Ian Holloway has blasted “selfishness” of clubs involved in the new European Super League Company.

The bombshell announcement came on Sunday that Arsenal, Chelsea, Liverpool, Manchester City, Manchester United Tottenham and six other European clubs have agreed to create a rival competition to the Champions League.

It is anticipated three more clubs will join the breakaway group as founding members, with the new competition, which will begin “as soon as practicable”, to eventually feature 20 teams.

The former Premier League manager appeared on talkSPORT Breakfast opposite Laura Woods to give his thoughts on the news and reference the funeral of Prince Philip over the weekend.

Laura Woods introduced him to the show and asked: “What was your reaction when you heard?”

Ian Holloway said: “One of pure disgust, I have to say.

“Talk about sadness, I don’t know about you, but I spent time watching the Duke of Edinburgh’s funeral at the weekend and for the first time in a long time I was really proud to be British and this morning that’s just gone away.

“That man was so selfless in his life and I wanted us to come out of this pandemic caring about other people more than ourselves and the opposite is happening.

“I am totally outraged, absolutely disgusted in how selfish some people can be the game belongs to supporters not them and I’ve never seen anything like it.”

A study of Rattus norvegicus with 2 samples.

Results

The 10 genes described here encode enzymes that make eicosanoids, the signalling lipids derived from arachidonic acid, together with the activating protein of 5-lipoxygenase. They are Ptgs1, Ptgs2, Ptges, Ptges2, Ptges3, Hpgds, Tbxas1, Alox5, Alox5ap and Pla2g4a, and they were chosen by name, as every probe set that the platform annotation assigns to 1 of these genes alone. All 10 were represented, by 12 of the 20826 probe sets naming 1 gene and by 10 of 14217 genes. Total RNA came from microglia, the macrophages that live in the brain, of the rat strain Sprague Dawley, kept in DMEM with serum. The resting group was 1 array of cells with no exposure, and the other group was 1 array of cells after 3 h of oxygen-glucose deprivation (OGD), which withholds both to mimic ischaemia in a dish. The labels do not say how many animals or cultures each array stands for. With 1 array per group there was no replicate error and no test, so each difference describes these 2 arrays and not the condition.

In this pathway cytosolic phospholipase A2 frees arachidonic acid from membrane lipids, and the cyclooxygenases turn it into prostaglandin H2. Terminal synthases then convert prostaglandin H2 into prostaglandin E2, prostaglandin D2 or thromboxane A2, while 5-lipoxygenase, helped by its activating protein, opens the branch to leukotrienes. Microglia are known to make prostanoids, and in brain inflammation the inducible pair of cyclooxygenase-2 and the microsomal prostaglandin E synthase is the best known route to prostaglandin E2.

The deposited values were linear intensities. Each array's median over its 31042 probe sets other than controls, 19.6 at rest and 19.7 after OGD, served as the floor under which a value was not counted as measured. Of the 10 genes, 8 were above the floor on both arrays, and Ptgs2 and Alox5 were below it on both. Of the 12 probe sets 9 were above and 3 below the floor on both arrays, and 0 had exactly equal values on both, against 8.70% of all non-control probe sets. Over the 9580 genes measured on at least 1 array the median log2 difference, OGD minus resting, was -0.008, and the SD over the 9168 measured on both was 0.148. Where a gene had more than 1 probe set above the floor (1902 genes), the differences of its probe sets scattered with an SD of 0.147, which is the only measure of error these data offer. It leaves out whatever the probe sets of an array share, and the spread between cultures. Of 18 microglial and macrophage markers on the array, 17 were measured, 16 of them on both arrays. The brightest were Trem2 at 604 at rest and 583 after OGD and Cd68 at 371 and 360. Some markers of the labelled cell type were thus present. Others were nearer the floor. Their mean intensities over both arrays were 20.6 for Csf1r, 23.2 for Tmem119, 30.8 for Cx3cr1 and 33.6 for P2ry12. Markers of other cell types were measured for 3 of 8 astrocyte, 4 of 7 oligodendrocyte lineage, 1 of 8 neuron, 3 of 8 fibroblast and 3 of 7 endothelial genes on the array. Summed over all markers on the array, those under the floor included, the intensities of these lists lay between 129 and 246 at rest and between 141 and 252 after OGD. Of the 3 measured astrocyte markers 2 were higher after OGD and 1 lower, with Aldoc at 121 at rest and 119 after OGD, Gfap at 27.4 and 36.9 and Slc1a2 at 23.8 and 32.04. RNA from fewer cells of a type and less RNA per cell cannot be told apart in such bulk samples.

He continued: “Who is actually in charge? That’s the worrying thing for me.

“Action needs to be taken. It’s not good enough to just say ‘you can’t do it’.

“It’s not strong enough, they should be relieved of their positions, stripped of their clubs.

“A fit and proper owner? Is this how people see football going? It doesn’t make sense.

“The biggest worry is, if you’re getting £3billion a year and not getting relegated, you’re going to want to do it.

“But what is football actually about? It’s about believing you can be better and catch the people who are the best. That’s what football is all about.

“Life’s about trying to get somewhere, not about someone telling you that you can’t get there. It’s doesn’t make sense.”

Former FA chairman, David Bernstein, said he was “really ashamed” of the English clubs, including Manchester City, where he was also chairman.

Bernstein cannot see the plan working, saying: “A closed league, as they’re proposing, without promotion and relegation, without recognition of the rest of the game, is potentially a dead league.

“It won’t have the life of football as we understand it. I think the arrogance of these half a dozen English clubs is something to behold.”